I hope you survived our first snow storm. I had an adventure returning home from City Hall, when even Olney Street proved impassable for many cars. This week’s letter discusses the City Council’s consideration of the Hope Point Tower project.
The Hope Point Tower project was submitted in April to the City Council for a requested zoning change. It was first reviewed by the City Plan Commission, whose responsibility is to determine whether the requested change was consistent with the City’s comprehensive plan, a finding that State law requires in order for a requested zoning change to be legally valid. The City Plan Commission considered the requested zoning change to be inconsistent with the comprehensive plan, and on that basis recommended that the City Council not approve. The Ordinance Committee held a public hearing on July 18, and voted to recommend that the City Council deny the petition. However, when the City Council met on September 6, a majority voted to send the matter back to committee for a second public hearing as the developer had not attended the first one. I, along with Councilwoman LaFortune, voted against this measure because in my experience developers always attend hearings at which they are requesting valuable zoning relief, and giving this developer “two bites at the apple” would set a bad precedent. The Ordinance Committee held a second public hearing on October 22, and at a meeting on November 8, voted in favor of approval. The matter then went to the full City Council last Thursday, November 15.
In preparation for that meeting, I researched the developer’s eligibility for tax relief. I learned that the developer will qualify for a 20-year tax stabilization agreement (“TSA”), which will save it $81 million in property taxes over that period. The TSA will be awarded by the I-195 Commission without input from the City Council. The developer estimated that the final project would yield between 62 and 85 jobs with an average salary of less than $35,000, hardly worth the $1 million per job that the $81 million tax credit would generate. Based on this information, Councilwoman LaFortune proposed an amendment to the zoning change to require the developer to meet certain conditions to obtain approval, including setting aside $50,000 per year to maintain the adjacent City park and either provide 15% low-to-moderate income housing units or $100,000 contributed to an affordable housing fund for the shortfall between the number of such units provided and 15% of the total. Given the developer’s preference for luxury apartments, this likely would result in no affordable units being built, but instead a $15,000 charge per luxury unit to be contributed to an affordable housing fund. Given that these units are likely to have valuations well above $500,000 each, this would be an additional cost of 3% or less. Unfortunately, the City Council voted down this amendment.
We then moved to discussion of the project as proposed. I was concerned about whether it complied with the comprehensive plan, given the fact that the Planning Commission had found it had not, and the language in the ordinance supplied by the developer’s attorney was not persuasive when I read it. For that reason, I asked the Chair of the Ordinance Committee to explain specifically how the project met the legal requirement of complying with the City’s comprehensive plan. The Chair, who had spoken up moments ago to cut off debate on the amendment, said his voice did not allow him to answer my question, and proposed that the project’s lobbyist answer it instead. I asked if anyone else on the committee could explain the basis for meeting this requirement, and nobody did. I consider it legislative malpractice for City Council members to vote to approve a zoning change that must comply with the comprehensive plan without being able to state why they believe their vote met this requirement. The City Council nonetheless gave the zoning change initial passage that night. (All ordinances must be passed twice at separate meetings, perhaps because we are a unicameral legislative body.)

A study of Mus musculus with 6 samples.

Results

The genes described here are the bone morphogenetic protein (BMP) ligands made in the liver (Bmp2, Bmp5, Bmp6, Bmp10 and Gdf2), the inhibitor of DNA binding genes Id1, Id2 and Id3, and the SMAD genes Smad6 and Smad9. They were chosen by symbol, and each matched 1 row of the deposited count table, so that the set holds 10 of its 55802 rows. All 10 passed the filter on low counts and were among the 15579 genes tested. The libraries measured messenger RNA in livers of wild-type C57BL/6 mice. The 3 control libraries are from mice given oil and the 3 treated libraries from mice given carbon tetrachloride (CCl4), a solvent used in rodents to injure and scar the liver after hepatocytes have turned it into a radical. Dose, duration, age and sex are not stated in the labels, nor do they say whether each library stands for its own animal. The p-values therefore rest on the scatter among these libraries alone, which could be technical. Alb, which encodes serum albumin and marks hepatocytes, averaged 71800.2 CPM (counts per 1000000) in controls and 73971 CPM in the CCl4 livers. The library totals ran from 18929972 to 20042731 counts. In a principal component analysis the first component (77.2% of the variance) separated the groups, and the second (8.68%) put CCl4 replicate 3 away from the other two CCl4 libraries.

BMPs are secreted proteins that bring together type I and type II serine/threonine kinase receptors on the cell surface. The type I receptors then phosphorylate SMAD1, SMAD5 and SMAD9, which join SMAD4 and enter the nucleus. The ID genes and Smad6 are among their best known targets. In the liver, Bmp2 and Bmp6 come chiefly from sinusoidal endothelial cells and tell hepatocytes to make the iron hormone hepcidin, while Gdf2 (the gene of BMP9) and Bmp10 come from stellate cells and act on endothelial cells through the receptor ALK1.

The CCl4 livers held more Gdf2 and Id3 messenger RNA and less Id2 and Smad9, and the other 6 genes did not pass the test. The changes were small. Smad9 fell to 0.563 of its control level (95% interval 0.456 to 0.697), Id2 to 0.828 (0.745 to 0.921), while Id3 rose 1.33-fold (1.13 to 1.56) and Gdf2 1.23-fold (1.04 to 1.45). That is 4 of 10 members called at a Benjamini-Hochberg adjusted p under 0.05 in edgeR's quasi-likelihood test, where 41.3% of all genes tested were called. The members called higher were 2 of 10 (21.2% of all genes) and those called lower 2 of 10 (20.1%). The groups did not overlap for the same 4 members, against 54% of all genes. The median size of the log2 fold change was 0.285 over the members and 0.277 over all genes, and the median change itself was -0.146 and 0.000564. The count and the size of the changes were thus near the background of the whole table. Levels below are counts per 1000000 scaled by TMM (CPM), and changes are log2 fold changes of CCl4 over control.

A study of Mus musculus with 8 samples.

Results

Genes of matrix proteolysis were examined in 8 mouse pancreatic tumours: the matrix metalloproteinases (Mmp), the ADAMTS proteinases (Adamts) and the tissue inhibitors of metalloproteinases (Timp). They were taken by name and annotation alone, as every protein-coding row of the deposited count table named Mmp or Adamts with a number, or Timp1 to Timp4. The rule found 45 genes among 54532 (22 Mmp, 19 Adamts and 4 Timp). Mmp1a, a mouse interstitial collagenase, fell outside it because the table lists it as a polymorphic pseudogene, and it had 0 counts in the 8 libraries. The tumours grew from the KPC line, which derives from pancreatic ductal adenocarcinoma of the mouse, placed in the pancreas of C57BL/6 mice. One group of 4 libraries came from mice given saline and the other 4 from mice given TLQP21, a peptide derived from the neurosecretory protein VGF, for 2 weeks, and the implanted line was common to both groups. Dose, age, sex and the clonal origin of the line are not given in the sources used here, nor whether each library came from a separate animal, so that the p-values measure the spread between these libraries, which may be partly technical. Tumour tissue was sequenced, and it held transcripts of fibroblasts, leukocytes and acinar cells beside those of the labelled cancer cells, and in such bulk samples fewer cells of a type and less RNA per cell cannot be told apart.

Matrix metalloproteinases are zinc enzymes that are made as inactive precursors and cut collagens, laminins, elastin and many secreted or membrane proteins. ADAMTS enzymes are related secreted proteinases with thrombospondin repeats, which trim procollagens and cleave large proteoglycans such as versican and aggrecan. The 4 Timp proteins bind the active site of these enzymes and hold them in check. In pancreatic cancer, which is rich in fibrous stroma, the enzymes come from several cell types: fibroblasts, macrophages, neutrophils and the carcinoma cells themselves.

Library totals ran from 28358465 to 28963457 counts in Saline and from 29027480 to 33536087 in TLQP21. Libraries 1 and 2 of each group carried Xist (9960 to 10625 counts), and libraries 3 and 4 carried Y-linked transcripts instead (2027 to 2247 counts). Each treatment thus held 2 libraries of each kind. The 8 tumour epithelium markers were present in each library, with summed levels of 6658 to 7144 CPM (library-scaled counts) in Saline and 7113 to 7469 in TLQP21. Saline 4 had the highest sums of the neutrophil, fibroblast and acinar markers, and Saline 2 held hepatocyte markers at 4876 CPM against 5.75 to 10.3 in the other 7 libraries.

In the ordinary course, the City Council would consider the matter for second passage at its next regularly scheduled meeting on December 6. Not content with this schedule, the developer recruited the measure’s supporters to schedule a special meeting for a second vote on this Tuesday, November 20. There is no need to speed up the vote in this way, but the timing of this measure has been problematic at earlier stages. First, there was the unprecedented decision to “slow down” the process by not holding a vote after the first public hearing, and then holding a second public hearing for the stated reason that the developer wanted the chance to speak after having missed the first one. Then, the Ordinance Committee did not vote the night of the second hearing as it usually does, but instead waited until the Thursday after the election, perhaps because some of the Ordinance Committee members who changed their vote that night had previously announced their opposition to the zoning change during their re-election campaigns. This sequence of slowing down and then speeding up the City Council’s review is not only unusual, but also detrimental to the public’s perception of the integrity of the legislative process. While it is true that there is an element of “sausage making” in most legislation, the twists and turns this measure has taken make for particularly rancid sausage.
if (as expected) the City Council votes second passage on Tuesday night, the measure will go the Mayor to either sign or veto.